On September 30, 2018, the United States, Mexico and Canada announced they had reached an agreement to revamp the 24-year-old North American Free Trade Agreement (NAFTA), which now will be known as the United States-Mexico-Canada Agreement (USMCA). This includes a significantly rewritten system for investment claims (known as Chapter 14). Investors who have relied on NAFTA to protect their cross-border investments can use this opportunity to reassess their existing investment protection structures and consider alternative ways to achieve protection under other bilateral or multilateral investment treaties.
The USMCA curtails the substantive protections available to investors in several fundamental ways. It rolls back the definition of expropriation so as to protect against "direct" expropriation only, thus reversing longstanding U.S. policy that previously sought to protect interests against indirect expropriation (i.e., measures tantamount to expropriation). The USMCA also states that the "minimum standard of treatment" owed to foreign investors is expressly tied to customary international law, thus cementing a position adopted by NAFTA in a controversial 2001 "interpretation." It further states that "'fair and equitable treatment' and 'full protection and security' do not require treatment in addition to or beyond that which is required by [the minimum standard of treatment], and do not create additional substantive rights." Art. 14.6(2).
The newly released Chapter 14 thus has significant ramifications for investors, particularly in the broader context of investor-state arbitration. In the current system, Chapter 11 of NAFTA allows investors to seek international arbitration to remedy violations of NAFTA's substantive investment protections. Under Chapter 14 of USMCA (assuming the existing NAFTA is terminated, and USMCA enters into force), investors may continue to bring "legacy" arbitration claims (i.e., claims concerning investments established or acquired between January 1, 1994, and the termination of the existing NAFTA) under the existing NAFTA for three years. Thereafter, under the USMCA, investor-state arbitration will cease to be available with respect to either Canadian investments in the U.S. or Mexico, or for U.S./Mexican investments made in Canada. This means that those investors will have to resort to national courts, state-to-state arbitration, or investor-state arbitration under a different treaty (if applicable). One such alternative is the Comprehensive and Progressive Agreement for Trans-Pacific Partnership (CPTPP), in the case of Mexican investors in Canada or Canadian investors in Mexico. Canada, the United States and Mexico also have entered into bilateral investment treaties with other countries that may provide alternative sources of protection if investments are correctly structured to avail of those treaties.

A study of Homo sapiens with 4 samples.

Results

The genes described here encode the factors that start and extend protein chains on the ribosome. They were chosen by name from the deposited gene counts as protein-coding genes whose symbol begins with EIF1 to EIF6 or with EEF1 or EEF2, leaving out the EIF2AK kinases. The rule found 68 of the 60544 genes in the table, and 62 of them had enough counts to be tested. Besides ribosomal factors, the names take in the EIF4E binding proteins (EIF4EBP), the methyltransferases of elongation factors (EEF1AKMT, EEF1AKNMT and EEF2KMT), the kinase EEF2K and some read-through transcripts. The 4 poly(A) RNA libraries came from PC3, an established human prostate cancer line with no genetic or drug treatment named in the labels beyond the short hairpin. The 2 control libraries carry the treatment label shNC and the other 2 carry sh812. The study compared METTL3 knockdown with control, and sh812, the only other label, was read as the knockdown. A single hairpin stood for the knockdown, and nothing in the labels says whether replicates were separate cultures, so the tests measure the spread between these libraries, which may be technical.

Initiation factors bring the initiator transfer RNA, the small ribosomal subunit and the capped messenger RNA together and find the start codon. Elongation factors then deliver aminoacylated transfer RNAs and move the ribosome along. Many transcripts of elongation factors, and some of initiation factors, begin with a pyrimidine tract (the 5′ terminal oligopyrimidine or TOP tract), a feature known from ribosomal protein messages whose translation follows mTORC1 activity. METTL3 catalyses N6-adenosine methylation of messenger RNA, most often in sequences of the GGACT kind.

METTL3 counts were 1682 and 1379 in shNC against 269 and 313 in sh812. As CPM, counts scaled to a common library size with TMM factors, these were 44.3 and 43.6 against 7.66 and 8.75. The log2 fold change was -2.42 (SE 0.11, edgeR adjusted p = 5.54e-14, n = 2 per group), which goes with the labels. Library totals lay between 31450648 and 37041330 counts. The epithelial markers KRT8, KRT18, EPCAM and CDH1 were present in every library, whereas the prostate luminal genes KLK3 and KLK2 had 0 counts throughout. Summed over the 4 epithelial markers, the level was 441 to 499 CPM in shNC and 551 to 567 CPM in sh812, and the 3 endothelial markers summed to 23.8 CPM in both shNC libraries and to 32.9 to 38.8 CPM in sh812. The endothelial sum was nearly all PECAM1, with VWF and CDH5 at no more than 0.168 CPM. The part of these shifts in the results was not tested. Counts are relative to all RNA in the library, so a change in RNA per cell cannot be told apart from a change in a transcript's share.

For investments made by U.S. investors in Mexico (or vice versa), investor-state arbitration would still remain available between the United States and Mexico pursuant to Annex 14-D of the USMCA, but its scope is substantially limited. The USMCA, significantly rewrites the basic guarantees so that investor-state arbitration only would be permitted in cases of denial of post-establishment national treatment and "Most Favored Nation" violations, or in the case of direct expropriation. Even there, procedures are changed. In a departure from the existing NAFTA, investors under the new treaty will be required to seek recourse before a competent court or administrative tribunal of the respondent state, for a minimum of 30 months, before commencing investor-state arbitration. They also will have to give 90 days’ notice of their arbitration claims. These rules significantly delay any access to international remedies.
Pursuant to Annex 14-E, some U.S. and Mexican investors will enjoy broader access to investor-state arbitration, including the right to bring claims for violation of minimum standard of treatment and indirect expropriation, but this only applies to investments that qualify as "covered government contracts" in sectors such as oil and natural gas production, power generation, telecommunication, transportation, and certain infrastructure investment that are not for the exclusive use of either Mexico or the United States (see Annex 14-E, art. 6(b)). Annex 14-E has some further unusual features, and provides that it can be modified or eliminated in the future, and will not operate if the respondent state is no longer "a party to another international trade or investment agreement that permits investors to initiate dispute settlement procedures to resolve an investment dispute with a government." Annex 14-E, art 2.(a)(i)(B). In short, if either the U.S. or Mexico were no longer party to any treaties with investor-state arbitration provisions, the expanded scope of arbitration for "covered government contracts" no longer would apply.
In sum, the USMCA significantly narrows the scope of future arbitral claims brought by investors, as well as the protections they may seek. Nevertheless, affected investors can seek to mitigate the impact of these changes through effective investment planning and structuring.
This memorandum is provided by Skadden, Arps, Slate, Meagher & Flom LLP and its affiliates for educational and informational purposes only and is not intended and should not be construed as legal advice. This memorandum is considered advertising under applicable state laws.